A judge has declared a mistrial in the case of a Yukon man whose mental state deteriorated so severely after more than three years in solitary confinement that he was found unfit to participate in his own sentencing.
The rare order of a postconviction mistrial in the case of 33-year-old Michael Nehass throws an already messy and protracted matter into further disarray and raises troubling questions about the intersection of mental health and criminal justice.
Mr. Nehass, a Tahltan First Nations man, has already served more time in Whitehorse Correctional Central awaiting trial and sentencing – much of it in solitary confinement – than his initial crime ever would have warranted, Yukon Supreme Court Justice Scott Brooker said on Wednesday.
Mr. Nehass existed "in a state of limbo," he said, because the court lacked the jurisdiction to force Mr. Nehass into mental-health treatment and yet there was no way to continue with a dangerous-offender hearing without it.
"He cannot be subjected to a dangerous-offender proceeding while he is unfit and there is no evidence he will ever be fit without treatment," Justice Brooker said. "One must ask oneself on what basis can he now be held in custody. We are at a dead end. Mr. Nehass is left in a void.
To leave him in this void would be a miscarriage of justice. Therefore, the only way to proceed in avoiding a miscarriage of justice is to declare a mistrial."
The case stems back to Dec. 2011, when Mr. Nehass was charged with unlawful confinement, assault with a weapon and other charges. It soon bogged down in a series of psychiatric-assessment orders and mental-fitness hearings as Mr. Nehass, who opted to act as his own lawyer, told the court that his prosecution stemmed from an intricate conspiracy involving brain implants, Prime Minister Stephen Harper and investigations into murdered and missing indigenous women. Through it all, Mr. Nehass insisted he had no mental illness and opposed all efforts to have him labelled unfit.
On at least one occasion, the court held an emergency hearing to deal with Mr. Nehass's deteriorating mental condition behind bars at the Whitehorse Correctional Centre, where he was being held in solitary confinement after a serious of misconducts.
The proceedings made national headlines in 2014 when a judge apologized after Mr. Nehass was forced to appear before court even though he was naked.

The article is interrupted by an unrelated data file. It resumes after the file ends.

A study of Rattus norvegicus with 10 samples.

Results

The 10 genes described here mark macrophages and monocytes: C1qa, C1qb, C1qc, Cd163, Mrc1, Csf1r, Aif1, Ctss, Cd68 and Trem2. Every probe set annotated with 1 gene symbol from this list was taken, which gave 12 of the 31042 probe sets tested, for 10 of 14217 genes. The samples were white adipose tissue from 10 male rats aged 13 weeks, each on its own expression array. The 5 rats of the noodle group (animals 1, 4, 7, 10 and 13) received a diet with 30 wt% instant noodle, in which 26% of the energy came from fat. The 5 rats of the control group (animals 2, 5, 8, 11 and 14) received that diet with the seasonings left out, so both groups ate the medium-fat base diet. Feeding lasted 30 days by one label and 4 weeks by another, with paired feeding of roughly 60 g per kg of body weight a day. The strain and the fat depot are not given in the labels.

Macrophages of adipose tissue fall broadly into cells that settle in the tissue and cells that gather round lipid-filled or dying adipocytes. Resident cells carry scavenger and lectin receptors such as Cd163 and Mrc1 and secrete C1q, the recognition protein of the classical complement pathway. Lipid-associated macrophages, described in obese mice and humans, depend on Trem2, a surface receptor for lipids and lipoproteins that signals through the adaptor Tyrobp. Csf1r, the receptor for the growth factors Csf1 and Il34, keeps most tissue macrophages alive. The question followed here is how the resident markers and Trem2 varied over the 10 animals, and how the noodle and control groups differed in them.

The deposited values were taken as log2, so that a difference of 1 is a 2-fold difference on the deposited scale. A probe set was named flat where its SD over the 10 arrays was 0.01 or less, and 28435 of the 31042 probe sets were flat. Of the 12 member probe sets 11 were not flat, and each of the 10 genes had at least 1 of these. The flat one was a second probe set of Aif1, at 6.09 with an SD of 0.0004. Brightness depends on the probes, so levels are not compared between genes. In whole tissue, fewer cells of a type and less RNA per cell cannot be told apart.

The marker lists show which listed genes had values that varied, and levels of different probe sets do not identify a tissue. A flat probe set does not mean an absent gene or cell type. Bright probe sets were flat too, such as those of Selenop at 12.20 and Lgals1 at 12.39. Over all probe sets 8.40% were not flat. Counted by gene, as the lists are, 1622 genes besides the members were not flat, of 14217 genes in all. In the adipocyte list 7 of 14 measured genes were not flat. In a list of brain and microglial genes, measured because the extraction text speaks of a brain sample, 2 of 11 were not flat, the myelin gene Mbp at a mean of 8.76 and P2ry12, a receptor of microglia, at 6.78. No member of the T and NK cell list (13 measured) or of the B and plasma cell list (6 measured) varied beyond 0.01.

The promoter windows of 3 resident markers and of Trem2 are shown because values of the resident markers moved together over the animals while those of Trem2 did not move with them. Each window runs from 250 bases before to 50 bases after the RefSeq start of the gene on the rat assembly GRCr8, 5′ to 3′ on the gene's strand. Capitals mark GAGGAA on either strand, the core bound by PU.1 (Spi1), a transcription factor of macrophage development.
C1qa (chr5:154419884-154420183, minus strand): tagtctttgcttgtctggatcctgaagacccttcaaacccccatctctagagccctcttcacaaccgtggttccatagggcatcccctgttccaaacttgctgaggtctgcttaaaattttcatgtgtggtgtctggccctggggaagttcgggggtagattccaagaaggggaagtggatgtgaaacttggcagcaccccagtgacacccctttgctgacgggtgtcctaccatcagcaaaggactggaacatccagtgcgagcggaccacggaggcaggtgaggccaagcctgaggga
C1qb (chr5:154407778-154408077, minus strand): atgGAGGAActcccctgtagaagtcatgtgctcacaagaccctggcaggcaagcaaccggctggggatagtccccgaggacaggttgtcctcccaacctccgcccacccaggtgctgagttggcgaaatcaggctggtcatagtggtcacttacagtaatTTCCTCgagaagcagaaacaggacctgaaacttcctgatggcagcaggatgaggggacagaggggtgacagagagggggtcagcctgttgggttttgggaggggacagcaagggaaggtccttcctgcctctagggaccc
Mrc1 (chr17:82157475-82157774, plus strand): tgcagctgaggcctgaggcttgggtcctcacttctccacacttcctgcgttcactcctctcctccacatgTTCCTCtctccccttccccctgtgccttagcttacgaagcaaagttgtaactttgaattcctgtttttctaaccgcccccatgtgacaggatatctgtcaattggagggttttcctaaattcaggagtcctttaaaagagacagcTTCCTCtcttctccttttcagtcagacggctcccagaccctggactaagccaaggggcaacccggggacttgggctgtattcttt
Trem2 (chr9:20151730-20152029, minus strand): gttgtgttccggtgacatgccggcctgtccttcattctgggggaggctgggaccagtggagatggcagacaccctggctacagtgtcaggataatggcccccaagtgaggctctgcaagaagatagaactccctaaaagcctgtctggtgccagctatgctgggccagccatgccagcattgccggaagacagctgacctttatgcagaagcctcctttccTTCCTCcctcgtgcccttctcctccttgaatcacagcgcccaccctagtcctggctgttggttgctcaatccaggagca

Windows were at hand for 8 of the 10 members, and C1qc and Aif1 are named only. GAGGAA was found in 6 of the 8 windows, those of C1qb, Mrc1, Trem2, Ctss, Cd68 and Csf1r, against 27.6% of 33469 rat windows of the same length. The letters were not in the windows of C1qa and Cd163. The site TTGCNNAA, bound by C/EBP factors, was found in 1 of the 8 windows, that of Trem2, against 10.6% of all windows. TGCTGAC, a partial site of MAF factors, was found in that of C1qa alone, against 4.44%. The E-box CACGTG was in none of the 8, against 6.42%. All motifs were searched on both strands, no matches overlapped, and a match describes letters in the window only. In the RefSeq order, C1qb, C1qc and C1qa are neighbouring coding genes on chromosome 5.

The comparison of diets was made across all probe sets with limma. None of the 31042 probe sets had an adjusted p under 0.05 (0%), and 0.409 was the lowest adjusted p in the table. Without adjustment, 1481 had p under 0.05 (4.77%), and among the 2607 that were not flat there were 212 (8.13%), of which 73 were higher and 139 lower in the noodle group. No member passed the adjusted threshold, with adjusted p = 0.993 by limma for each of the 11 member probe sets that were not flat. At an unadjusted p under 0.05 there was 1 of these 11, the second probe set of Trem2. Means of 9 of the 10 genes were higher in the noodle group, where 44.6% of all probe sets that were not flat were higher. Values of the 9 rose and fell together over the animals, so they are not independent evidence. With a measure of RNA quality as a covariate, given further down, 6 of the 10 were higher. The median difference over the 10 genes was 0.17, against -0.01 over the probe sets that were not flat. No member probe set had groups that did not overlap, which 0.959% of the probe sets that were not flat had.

That same year, after several psychiatric assessments, a judge determined he was unfit to stand trial. "It is clear that Mr. Nehass views the prosecution against him and this fitness hearing as an attempt to keep suppressed the information he possesses about individuals, entities and governments being involved in a vast network of conspiracies and cover-ups," Justice Michael Cozens said. "I find that this severely impacts his ability to understand the nature and object of the criminal proceedings."
But the Yukon Review Board, the body that rules on whether people are not criminally responsible in the territory, disagreed. It found that Mr. Nehass's delusions had no impact on his understanding of the court proceedings, and deemed him fit for trial.
Despite reservations expressed by prison staff at Whitehorse Correctional Centre and many others about Mr. Nehass's deteriorating mental health, the trial went ahead. On May 22, 2015, he was convicted of assault with a weapon, forcible confinement and breach of recognizance.
The Crown followed up the conviction with a dangerous-offender application, which, combined with a Charter application and a shuffling of Mr. Nehass's legal representation, pushed his sentencing farther into the future.
But in September of last year, his case received a jolt in the form of Toronto lawyer Anik Morrow. Hired to work on the dangerous-offender application, she reviewed court transcripts and found strong signs of a severely mentally ill man who was deteriorating over his time in solitary confinement.
During an application for a fitness assessment, two government employees – one the director of corrections for the Yukon, the other a contract psychiatrist – testified that neither Whitehorse Correctional Centre, nor the broader territory, have any capacity to deal with severe mental disorders aside from segregation cells.
"They also said that the segregation made the psychosis and the delusions flourish because he had 24 hours a day alone to reinforce it and to figure it out," Ms. Morrow said.
Testimony also revealed that correctional staff had raised the issue of Mr. Nehass's mental state several times with the Crown and suggested he be shipped out of the territory for proper treatment to no avail.
Ms. Morrow then struck an arrangement to have a full assessment done at Ontario Shores Centre for Mental Health Sciences in Whitby, Ont., more than 5,000 kilometres away.
There, two assessments determined he was clinically unfit to proceed with sentencing.
"It is likely that Mr. Nehass has been either on the cusp or frankly unfit for a lengthy period of time prior to the present evaluation," stated one of the assessments, raising questions as to whether Mr. Nehass should have been allowed to stand trial at all.
Justice Brooker put that thought aside in his ruling on Wednesday, saying the assessments were inconclusive as to Mr. Nehass's mindset at trial.
While a judge has discretion to order psychiastric treatment during trial, the same powers do not extend to sentencing, he said, leaving the case at a standstill and obliging a mistrial finding.
The mistrial ruling essentially resets the case and its years of plodding progress. After the decision, Crown prosecutor Eric Marcoux asked for Mr. Nehass to be returned from Ontario Shores to the Whitehorse Correctional Centre while the case is sorted out, a request Justice Brooker rebuffed.
The case will return to court on Feb. 28.